Although the articles in this issue touch on diverse subjects, all seek to come to terms with the historical specificity of our “post-millennial” era. Raoul Eshelman strikingly confirms the analytic value of his aesthetic concept of performatism in his extensively documented analysis of recent Berlin architecture. In Adam Katz‘s first article for Anthropoetics, the question of Jewish/Israeli “normalization” is the occasion of a rethinking of the originary hypothesis, including a redefinition of the concept of “sacrifice,” that sheds new light on the dilemmas of contemporary politics in the Middle East and elsewhere. Dawn Perlmutter pursues her interest in the sacrificial elements of our culture with a richly documented parallel study of recent American Satanism and contemporary terrorism. The issue concludes with a dialogue between Ammar Abdulhamid and myself, largely focused on the Middle East, that resonates with some of the considerations in Katz’s article.

 

About our Contributors

Raoul Eshelman (Ph.D. University of Constance 1988, Habilitation Hamburg 1995) is a Slavist specializing in modern and postmodern Czech and Russian literature. He is presently a Privatdozent at the Freie Universit├Ąt Berlin (where he taught a seminar on Generative Anthropology in Fall 2001) and lives in Wasserburg am Inn, Bavaria.

Adam Katz teaches English at Quinnipiac University and other universities in Connecticut. He is the author of Postmodernism and the Politics of “Culture” (Westview 2000) and writes on Holocaust literature, composition, pedagogy, cultural studies, and postmodern politics. He is currently working on a book about the fiction of Ronald Sukenick.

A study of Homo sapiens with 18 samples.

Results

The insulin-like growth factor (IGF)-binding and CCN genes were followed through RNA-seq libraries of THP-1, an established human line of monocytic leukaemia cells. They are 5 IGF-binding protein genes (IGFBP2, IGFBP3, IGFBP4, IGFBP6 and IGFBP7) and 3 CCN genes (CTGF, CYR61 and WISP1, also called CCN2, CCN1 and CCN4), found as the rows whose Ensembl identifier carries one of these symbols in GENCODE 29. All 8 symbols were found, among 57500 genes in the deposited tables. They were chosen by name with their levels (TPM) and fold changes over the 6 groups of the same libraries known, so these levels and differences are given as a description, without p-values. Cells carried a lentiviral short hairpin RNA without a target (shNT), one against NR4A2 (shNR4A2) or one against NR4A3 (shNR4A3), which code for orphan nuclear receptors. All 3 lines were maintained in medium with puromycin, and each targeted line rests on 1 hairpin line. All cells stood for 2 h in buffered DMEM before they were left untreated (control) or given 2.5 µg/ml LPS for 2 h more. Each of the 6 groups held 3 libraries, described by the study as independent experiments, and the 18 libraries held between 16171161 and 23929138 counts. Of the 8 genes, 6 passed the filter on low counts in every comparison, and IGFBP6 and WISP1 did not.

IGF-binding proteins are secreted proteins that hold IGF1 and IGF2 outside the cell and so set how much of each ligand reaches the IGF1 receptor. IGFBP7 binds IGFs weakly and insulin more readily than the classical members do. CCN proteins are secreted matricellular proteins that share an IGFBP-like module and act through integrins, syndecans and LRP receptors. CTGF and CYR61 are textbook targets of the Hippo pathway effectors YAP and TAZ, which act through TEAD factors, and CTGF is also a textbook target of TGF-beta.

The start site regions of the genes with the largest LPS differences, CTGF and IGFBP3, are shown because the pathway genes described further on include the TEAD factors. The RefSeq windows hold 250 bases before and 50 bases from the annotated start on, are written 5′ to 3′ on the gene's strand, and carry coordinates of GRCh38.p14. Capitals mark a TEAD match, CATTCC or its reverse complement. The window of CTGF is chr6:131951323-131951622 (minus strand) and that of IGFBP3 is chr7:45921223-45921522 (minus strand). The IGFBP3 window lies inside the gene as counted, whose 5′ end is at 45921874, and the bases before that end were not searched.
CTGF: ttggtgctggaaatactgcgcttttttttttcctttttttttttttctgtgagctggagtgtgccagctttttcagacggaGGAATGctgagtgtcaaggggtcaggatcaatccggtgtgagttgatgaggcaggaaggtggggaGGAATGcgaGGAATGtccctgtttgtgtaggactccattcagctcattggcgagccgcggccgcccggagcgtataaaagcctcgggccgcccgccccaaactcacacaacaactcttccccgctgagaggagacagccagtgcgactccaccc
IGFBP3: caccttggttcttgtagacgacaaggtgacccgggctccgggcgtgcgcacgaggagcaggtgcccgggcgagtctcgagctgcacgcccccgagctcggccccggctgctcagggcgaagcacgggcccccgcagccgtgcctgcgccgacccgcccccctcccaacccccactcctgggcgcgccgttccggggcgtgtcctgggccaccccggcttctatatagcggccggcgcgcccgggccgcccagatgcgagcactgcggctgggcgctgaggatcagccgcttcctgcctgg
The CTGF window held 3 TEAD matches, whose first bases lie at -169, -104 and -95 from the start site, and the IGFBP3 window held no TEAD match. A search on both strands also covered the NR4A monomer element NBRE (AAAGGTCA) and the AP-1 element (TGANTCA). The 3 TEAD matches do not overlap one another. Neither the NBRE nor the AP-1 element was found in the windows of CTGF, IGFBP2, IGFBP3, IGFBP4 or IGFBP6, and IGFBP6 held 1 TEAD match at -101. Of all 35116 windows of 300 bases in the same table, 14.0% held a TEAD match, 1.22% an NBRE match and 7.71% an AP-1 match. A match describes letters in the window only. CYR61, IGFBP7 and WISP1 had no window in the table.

Dawn Perlmutter is Director of the Institute for the Research of Organized and Ritual Violence. She is the author of two books and numerous articles on violent aesthetics, image worship and ritual violence in contemporary culture. She regularly consults for and trains law enforcement agencies throughout the United States on identifying and investigating ritual crime. Dawn Perlmutter holds a Doctor of Philosophy from New York University and a Master of Fine Arts from The American University, Washington, DC.

Ammar Abdulhamid operates Etana Press, a small publishing house in Damascus, Syria. He holds a BS in history from the University of Wisconsin, and is the author of the novel Menstruation, published in London in 2001 (and since translated into several languages), which deals with the social and sexual mores of contemporary Syrian youth.

Eric Gans‘s CV may be found by clicking on his name below.